Leverage: A Trader’s Friend? (7)
Margin trading creates leverage, lets look at that in a lot more detail.
The Benefits of Leverage
Leverage can increase a trader’s return on their capital. Because the trader only needs to deposit part of the position, any increase in the equity element of the position will enhance the returns of the trade. In our example, the trader puts up only £50 of the notional value of a position. A £50 increase in the value of that position gives the trader a £50 profit. The return has increased from 10% to 100% by leveraging up the trade 10:1.
Leverage can increase the size of a trader’s positions. Traders can leverage small amounts of capital and hold much larger positions. A trader with £500 capital, leveraging at 10:1, can assume positions with a notional value of £5000.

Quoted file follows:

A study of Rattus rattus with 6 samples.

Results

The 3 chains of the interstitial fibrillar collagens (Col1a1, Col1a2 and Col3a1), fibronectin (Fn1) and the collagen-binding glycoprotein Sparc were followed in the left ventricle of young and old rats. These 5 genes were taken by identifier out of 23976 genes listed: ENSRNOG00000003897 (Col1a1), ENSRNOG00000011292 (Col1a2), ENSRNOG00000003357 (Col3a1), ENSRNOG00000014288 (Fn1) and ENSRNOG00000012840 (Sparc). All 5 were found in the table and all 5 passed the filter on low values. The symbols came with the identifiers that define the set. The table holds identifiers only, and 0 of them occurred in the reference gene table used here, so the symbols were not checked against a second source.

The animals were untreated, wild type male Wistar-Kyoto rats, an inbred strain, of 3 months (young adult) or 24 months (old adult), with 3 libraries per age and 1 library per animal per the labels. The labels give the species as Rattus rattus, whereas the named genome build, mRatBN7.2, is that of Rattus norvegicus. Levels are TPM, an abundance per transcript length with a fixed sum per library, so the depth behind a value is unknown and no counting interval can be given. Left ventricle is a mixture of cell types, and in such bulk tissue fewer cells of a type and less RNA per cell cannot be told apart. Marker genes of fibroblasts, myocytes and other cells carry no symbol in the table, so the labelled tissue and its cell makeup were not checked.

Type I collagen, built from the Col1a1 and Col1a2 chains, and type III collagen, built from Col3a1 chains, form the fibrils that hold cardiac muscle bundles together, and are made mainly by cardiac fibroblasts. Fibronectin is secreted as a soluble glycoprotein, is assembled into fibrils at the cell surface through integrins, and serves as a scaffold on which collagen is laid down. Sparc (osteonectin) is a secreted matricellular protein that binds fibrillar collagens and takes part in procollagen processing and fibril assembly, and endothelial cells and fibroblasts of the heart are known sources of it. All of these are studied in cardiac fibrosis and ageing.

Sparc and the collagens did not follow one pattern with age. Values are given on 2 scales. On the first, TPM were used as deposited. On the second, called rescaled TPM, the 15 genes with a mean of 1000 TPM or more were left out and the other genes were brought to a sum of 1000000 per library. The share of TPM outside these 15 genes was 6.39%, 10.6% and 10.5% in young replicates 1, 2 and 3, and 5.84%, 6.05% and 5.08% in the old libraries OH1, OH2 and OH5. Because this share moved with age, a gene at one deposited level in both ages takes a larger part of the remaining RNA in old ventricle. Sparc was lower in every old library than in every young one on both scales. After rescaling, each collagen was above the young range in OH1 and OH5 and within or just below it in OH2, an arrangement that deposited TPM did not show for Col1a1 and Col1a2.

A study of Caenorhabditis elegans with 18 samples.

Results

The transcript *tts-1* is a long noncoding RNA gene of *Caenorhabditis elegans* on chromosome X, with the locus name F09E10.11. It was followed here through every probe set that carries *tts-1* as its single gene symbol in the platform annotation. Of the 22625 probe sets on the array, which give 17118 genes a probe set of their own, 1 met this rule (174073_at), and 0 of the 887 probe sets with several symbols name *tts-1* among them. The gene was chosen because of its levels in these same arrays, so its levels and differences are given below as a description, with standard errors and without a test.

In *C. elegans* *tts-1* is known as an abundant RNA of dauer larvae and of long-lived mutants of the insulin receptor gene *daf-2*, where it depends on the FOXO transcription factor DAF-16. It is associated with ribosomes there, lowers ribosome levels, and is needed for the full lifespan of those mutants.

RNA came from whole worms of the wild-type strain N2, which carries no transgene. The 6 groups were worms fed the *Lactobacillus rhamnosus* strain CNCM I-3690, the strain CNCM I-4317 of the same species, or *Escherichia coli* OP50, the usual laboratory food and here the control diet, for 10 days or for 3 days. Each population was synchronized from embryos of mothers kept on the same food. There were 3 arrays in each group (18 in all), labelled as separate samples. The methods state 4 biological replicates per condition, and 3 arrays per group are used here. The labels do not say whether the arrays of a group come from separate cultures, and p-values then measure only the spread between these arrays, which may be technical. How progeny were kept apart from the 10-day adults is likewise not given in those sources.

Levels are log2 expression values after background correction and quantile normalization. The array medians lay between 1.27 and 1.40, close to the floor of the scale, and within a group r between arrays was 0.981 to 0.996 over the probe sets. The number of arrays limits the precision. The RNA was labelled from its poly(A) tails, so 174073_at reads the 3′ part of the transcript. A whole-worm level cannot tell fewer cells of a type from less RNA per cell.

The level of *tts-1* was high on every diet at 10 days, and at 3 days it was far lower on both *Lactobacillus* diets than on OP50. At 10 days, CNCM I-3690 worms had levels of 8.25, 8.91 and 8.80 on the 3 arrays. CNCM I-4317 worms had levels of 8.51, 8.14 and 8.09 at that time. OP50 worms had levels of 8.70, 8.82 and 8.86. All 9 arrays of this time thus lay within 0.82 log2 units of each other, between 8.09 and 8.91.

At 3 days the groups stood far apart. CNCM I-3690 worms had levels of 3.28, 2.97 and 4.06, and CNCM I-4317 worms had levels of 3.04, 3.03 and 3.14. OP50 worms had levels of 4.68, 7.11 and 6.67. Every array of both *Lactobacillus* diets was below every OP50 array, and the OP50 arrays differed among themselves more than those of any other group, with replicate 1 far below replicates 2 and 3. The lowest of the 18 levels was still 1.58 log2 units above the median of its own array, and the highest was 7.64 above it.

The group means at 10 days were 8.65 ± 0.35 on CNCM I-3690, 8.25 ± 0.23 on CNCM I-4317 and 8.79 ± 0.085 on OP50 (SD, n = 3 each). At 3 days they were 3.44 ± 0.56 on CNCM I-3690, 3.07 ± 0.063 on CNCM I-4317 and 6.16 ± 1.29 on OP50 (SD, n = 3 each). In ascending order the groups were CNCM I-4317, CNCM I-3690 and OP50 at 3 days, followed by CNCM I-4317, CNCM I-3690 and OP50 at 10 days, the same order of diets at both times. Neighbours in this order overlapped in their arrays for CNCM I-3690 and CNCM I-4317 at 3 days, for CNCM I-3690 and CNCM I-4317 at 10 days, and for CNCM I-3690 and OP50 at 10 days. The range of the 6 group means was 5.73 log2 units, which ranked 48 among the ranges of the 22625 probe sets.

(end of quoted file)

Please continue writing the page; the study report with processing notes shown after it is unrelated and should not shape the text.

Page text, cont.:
The Downsides of Leverage
As well as enhancing profits it also enhances losses in equal measure – leverage is linear.
|BP examples||Initial trade||Price up 10%||Price down 10%|
|Notional position||£500||£550 (+10%)||£450 (-10%)|
|Margin/deposit||£50||£100 (+100%)||£0 (-100%)|
A margin call happens on an account wide basis. When position(s) move against a trader and they no longer hold enough of a deposit, or margin, with a broker then they will be asked to deposit more to keep the position open. If they don’t provide more money, the positions are closed by the broker to protect its exposure to bad debts.
The take away from this lesson is, new traders learning how to trade should not use too much leverage. These traders should place small trade sizes relative to their capital to avoid amplifying errors, which are inevitable. As they become more experienced traders and have more confidence in their trading returns leverage can be increased to increase them.